James Bradley wrote the book “Flags of Our Fathers,” on which one of Clint Eastwood’s new films is based. “Flags” tells the true story of what is arguably the most famous photo in warfare, taken as his father and five other marines raised the Stars and Stripes on Mount Suribachi, Iwo Jima in 1945.
Three of the men never got off the island alive. The rest became reluctant, unhappy heroes, ferried from city to city to whip up morale and sell war bonds. Only his father, sustained by the small-town values eulogized in the book, got through the events relatively unscathed.
Bradley knows Japan well, having studied at Sophia University in Tokyo, and has a degree in East Asian History. In the book, he describes lecturing his dad on the reasons why Japan went to war at a Thanksgiving dinner in 1975.
“I was only too happy to enlighten my father and the assembled family as to the ‘real’ reason we fought Japan in WWII: American insensitivity to Japanese culture and Franklin D. Roosevelt’s severing of their oil lines forced Japan — an industrial beached whale — to attack Pearl Harbor in self-defense.’‘
He talked to The Japan Times on the telephone from New York.
What was going on that Thanksgiving?
I was in love with a Japanese girlfriend and the country. I changed my views (after studying), but I have no animosity toward the Japanese. I have friends in Japan. My daughter just finished a year teaching in Kyushu. I came to the conclusion that it was the war that made people bad. The enemy is always bad and always treats you bad. Imagine what the many innocent Afghanis feel about America now. War was never something spoken about in my home and I’m much more aware of it now, after studying it. I only saw one side. Now I know that this is what war does; young guys get away from home and they do things they wouldn’t do in their own backyard. “Flags” could be about any army. The militarists got control of the system in Japan. If you have militarists in control of the education system from kindergarten, you can bend people to your will.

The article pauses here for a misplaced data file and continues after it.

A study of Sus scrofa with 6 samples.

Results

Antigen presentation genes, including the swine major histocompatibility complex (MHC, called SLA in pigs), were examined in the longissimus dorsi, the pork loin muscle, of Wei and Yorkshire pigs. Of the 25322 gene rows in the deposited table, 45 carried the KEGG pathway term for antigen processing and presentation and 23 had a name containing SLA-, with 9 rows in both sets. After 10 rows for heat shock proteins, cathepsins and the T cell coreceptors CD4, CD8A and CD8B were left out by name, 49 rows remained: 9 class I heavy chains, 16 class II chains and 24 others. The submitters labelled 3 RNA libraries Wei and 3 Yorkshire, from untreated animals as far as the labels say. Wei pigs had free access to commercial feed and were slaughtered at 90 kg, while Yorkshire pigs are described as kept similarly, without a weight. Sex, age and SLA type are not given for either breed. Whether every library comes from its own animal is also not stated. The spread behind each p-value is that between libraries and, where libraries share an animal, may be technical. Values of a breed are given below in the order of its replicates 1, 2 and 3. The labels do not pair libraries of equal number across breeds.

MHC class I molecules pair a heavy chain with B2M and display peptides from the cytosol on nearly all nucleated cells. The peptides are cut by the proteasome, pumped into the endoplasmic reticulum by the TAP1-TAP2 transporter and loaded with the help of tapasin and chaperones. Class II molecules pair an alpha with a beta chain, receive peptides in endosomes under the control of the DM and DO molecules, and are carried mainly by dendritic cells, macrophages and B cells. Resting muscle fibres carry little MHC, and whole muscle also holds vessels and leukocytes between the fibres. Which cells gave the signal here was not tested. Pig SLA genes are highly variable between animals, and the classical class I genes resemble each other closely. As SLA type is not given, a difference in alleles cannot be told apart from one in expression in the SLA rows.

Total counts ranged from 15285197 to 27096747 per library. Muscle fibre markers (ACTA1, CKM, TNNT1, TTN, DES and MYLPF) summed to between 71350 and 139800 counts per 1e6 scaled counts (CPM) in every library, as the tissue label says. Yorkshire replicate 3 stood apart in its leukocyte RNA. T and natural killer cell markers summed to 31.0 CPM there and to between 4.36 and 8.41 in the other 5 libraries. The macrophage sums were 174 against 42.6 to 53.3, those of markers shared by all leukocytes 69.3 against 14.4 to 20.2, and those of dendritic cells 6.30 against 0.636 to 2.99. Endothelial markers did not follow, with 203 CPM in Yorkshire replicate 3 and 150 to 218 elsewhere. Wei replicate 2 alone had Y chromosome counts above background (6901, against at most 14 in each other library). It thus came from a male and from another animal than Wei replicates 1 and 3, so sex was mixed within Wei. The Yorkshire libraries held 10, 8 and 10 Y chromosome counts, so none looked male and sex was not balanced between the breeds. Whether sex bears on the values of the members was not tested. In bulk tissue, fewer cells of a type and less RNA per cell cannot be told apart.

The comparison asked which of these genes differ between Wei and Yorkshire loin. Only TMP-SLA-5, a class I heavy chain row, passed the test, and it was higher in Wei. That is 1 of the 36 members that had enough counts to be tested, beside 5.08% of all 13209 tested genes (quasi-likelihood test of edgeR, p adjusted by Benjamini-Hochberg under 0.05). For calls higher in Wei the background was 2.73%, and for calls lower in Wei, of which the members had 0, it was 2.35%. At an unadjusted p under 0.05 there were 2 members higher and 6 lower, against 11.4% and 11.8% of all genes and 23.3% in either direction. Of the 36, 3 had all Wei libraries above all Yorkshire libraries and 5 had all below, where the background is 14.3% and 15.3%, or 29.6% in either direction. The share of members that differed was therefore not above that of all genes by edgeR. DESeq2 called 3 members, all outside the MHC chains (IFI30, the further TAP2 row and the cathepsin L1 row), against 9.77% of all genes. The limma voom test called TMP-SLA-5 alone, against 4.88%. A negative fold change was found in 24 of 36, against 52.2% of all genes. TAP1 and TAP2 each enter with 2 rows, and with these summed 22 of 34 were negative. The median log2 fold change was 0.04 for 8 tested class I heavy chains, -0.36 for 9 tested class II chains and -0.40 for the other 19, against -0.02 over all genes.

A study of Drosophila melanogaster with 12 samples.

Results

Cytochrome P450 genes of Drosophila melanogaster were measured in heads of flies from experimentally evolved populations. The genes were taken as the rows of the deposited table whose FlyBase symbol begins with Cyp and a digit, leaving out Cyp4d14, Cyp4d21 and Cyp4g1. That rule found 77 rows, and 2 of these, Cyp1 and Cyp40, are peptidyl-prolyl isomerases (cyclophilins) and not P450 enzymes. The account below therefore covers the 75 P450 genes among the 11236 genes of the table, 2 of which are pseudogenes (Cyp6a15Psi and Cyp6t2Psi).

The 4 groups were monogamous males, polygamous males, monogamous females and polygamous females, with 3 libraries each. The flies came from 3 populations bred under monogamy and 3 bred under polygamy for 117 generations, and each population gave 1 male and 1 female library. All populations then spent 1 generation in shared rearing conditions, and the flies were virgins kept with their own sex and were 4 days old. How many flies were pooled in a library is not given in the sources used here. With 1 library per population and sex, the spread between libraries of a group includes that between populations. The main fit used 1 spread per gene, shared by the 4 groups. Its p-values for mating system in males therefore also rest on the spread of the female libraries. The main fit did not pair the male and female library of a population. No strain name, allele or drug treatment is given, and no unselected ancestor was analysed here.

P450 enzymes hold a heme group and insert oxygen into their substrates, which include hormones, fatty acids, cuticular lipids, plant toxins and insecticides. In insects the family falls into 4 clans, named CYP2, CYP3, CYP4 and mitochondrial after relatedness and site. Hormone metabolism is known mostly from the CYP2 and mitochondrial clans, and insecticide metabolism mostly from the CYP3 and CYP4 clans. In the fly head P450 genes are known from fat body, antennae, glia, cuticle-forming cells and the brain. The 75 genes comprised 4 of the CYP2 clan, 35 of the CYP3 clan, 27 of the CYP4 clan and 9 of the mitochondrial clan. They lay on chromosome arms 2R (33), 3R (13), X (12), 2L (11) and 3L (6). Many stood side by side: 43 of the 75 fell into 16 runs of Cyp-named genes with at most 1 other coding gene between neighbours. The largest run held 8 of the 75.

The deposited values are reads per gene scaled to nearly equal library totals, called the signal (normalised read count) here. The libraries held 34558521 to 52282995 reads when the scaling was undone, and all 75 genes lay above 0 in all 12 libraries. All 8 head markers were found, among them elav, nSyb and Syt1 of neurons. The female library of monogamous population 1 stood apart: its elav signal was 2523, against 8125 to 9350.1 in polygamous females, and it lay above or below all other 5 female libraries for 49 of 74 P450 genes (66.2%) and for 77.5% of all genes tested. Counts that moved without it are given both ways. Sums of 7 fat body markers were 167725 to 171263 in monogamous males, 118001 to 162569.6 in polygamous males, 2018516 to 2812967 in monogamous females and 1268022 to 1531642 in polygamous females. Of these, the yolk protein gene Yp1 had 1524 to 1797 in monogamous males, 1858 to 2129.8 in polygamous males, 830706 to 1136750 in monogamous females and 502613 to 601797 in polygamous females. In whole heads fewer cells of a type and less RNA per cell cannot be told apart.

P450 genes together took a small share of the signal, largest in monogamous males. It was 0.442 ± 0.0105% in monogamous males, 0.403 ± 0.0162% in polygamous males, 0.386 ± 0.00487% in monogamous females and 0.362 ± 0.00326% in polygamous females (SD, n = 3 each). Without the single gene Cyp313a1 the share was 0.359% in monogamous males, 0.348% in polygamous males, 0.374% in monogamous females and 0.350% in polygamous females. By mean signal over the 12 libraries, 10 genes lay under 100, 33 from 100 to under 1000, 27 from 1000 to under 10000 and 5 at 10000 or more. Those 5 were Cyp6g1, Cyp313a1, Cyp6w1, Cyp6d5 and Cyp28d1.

Why did you write the book?
I knew I could do “Flags” and that it would do well because it was about the flag-raising, which is the most reproduced photo in the history of photography. I just happened to have had the inside story on the No. 1 photo in history. The book is not so much about Iwo Jima as it is about the [war] bond tour. I just wanted to show my father and these guys as ordinary human beings. My father never talked to reporters, but if they had approached him as an ordinary man and asked him what was it like to be a corpsman or a soldier . . . But they didn’t do that. He was approached as a hero. Guys who went through war came back and were perplexed to find themselves heroes. Once you put people in war away from home, unable to speak the local language and from different cultures, there is a very cruel set of behavior that results.
Did you like the movie?
It’s wonderful and the families of the flag-raisers were happy. Clint Eastwood got it right. It was difficult to watch because I was very close to it; I was thinking about the stories I’d been told.
Do you see any parallels with the current “war on terror?”
I see very fewparallels. The parallel would be if we invaded Japan in 1938. Look at what a democratic experience WWII was for America. There was a war budget so the government had to get money for the war, and to continually make the case for the war. Veterans, politicians and military all stood up there with the media and said ‘We this and (we) that . . . this is what we’re going to do and this is what we need the money for.’ If the public had withdrawn support we would have been in real trouble. [Former President F.D.] Roosevelt was asked many times to declare war in the late 1930s, early ’40s, but he had an antenna to realize that he wasn’t going to go to war without getting the public behind him. I fail to see the comparison today.
There is a perception that the Imperial Army was “crueler” than the U.S. forces.
You know, the biggest single killing in human history was the fire-bombing of Tokyo. Is that crueler than chopping off heads with samurai swords? The moral judgment is easier if you’re killing from a distance. I put in the horrible killings of Japan and the horrible killing of the U.S. and let the reader decide.
Have you read “On Killing (The Psychological Cost of Learning to Kill in War and Society)” by David Grossman? It is the only book about the process of military killing. He talks about how killing with a knife in the gut affects you in a different way to firing a rifle, or a shell over a mountain, or a bomb from a plane. No army has a monopoly on cruelty.